With general election fever, or at least its symptoms, slowly but surely gripping the Barbadian populace, we return once again to a contentious situation. We hope it will be addressed whenever either one of the two, three, or however many existing political parties there are, assumes the seat of power in Barbados.
Lord Chief Justice (Gordon) Hewart in 1924 famously noted that it was of fundamental importance that justice should not only be done but should be manifestly and undoubtedly seen to be done. It is a fundamental principle that has been verbally trumpeted since then, but sometimes conveniently eschewed by those with access to the trumpet.
If for no other reason than to make Constitutional reform, it would be ideal for any incoming Government to have a two-thirds majority in the Lower House to allow for changes to be made to the functioning of the Office of the Director of Public Prosecutions. Over the years there have been calls – some public, but most in hushed corners – for reform to this office in order that, as prescribed by the late Viscount in R v Sussex Justices, Ex parte McCarthy, that justice be “manifestly and undoubtedly seen to be done.”
Presently, if a Barbadian Prime Minister and his or her Cabinet conduct the State’s affairs to the displeasure of the electorate, the people have recourse every five years to banish them into the political wilderness. Great power has been given but it can also be taken away. And there are several other functionaries, whether legislative, executive or judicial, who can be held accountable or must at least give explanation for decisions made or actions taken, whether called to account by an Auditor General, a Public Accounts Committee, the Governor General, the Chief Justice, a Commission of Enquiry or the law courts.
But within our current judicial system, the Office of the Director of Prosecutions accounts to no one in terms of decisions he or she makes. And that cannot be the best state of affairs in any democracy if democracy and transparency are to be taken seriously.
Under Section 79 of our Constitution, the DPP has the authority to institute and undertake criminal proceedings against any person before any court other than a court martial in respect of any offence against the Laws Of Barbados. He or she may also take over and continue any such criminal proceedings that may have been instituted by any other person or authority. The island’s DPP can also discontinue any criminal case at any juncture before judgment is given. This authority is vested in the DPP to the exclusion of any other person or authority.
This state of affairs is not unique to Barbados, though, as there are other examples of blind faith and non-existent checks and balances in this highly important and very powerful office in other Caribbean jurisdictions. In Jamaica, for example, Section 94 (6) of the Constitution confers on the office of the DPP the power where it is not subject to the direction or control of any other person or authority. But this has raised queries in the Jamaica jurisdiction as well.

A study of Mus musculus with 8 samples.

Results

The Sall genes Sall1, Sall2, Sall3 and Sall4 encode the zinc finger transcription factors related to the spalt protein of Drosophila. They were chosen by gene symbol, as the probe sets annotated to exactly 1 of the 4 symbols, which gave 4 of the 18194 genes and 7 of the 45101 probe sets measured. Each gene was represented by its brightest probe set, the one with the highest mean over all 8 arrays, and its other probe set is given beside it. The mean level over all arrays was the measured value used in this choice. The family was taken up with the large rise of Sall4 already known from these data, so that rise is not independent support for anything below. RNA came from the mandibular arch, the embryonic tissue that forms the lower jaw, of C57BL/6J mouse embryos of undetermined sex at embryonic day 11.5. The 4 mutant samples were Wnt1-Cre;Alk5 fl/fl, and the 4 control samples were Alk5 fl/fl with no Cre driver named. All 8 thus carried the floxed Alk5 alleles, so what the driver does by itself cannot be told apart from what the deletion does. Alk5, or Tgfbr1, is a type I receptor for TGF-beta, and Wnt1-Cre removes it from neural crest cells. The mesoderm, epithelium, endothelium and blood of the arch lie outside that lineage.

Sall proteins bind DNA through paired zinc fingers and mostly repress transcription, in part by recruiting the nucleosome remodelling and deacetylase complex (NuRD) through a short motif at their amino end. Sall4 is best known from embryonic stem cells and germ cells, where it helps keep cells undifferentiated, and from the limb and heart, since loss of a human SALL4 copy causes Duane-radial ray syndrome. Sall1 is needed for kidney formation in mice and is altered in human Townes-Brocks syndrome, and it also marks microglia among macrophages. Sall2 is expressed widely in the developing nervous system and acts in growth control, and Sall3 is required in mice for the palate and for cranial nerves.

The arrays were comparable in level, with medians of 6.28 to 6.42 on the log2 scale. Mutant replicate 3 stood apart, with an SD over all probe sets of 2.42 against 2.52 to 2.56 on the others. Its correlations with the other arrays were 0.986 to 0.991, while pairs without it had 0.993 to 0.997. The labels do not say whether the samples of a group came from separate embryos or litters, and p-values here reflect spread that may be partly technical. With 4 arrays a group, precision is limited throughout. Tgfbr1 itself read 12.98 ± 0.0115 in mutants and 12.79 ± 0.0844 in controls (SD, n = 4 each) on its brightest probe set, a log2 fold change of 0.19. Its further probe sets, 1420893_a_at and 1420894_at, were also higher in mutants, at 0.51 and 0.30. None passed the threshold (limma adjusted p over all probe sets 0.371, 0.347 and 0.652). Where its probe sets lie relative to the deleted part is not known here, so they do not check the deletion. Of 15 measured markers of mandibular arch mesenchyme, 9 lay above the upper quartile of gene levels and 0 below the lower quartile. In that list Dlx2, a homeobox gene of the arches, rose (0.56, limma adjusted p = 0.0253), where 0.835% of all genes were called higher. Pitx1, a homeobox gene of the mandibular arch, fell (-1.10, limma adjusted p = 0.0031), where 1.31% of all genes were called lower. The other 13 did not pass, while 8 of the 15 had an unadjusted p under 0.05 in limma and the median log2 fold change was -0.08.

Of course, we appreciate the necessity to make the office of the DPP immune to political or any other undisguised influence. And long may this autonomy be protected. But since Jesus Christ was ostensibly the last perfect human being to walk the face of the earth, there should be some mechanism instituted by Constitutional reform that makes it mandatory for a DPP to have available to the public written and/or verbal explanation when he or she discontinues a criminal case.
We will take it for granted that when criminal matters are brought before the law courts in the name of the Commissioner of Police, that this process is undertaken by trained individuals of sound mind. And it is to our knowledge that there are built-in administrative checks and balances with respect to presenting evidence with probative value for consideration by the higher powers-that-be.
Thus, when matters are discontinued without explanation, and without obvious cause to those in the legal profession, as well as to the average, untrained citizen, questions will of necessity be asked. In such circumstances, much disquiet would be averted if the Office of the DPP were duty-bound to give reasons for his or her course of action. This does not presently obtain. There have been cases over the years that have been discontinued without explanation and this is not in keeping with that principle that echoes back to the early part of the 20th century.
And, of course, the victims of crime should be taken into the equation. We can often be extremely blasé about these issues when they do not directly affect us or our immediate kin. But if the sufferer of a rape, robbery or fraud, or the family of a murdered victim, discovers that the perpetrator has been freed as a result of a discontinuation and there has been no trial, true justice within any democracy would suggest that he or she deserves to be at least given an explanation.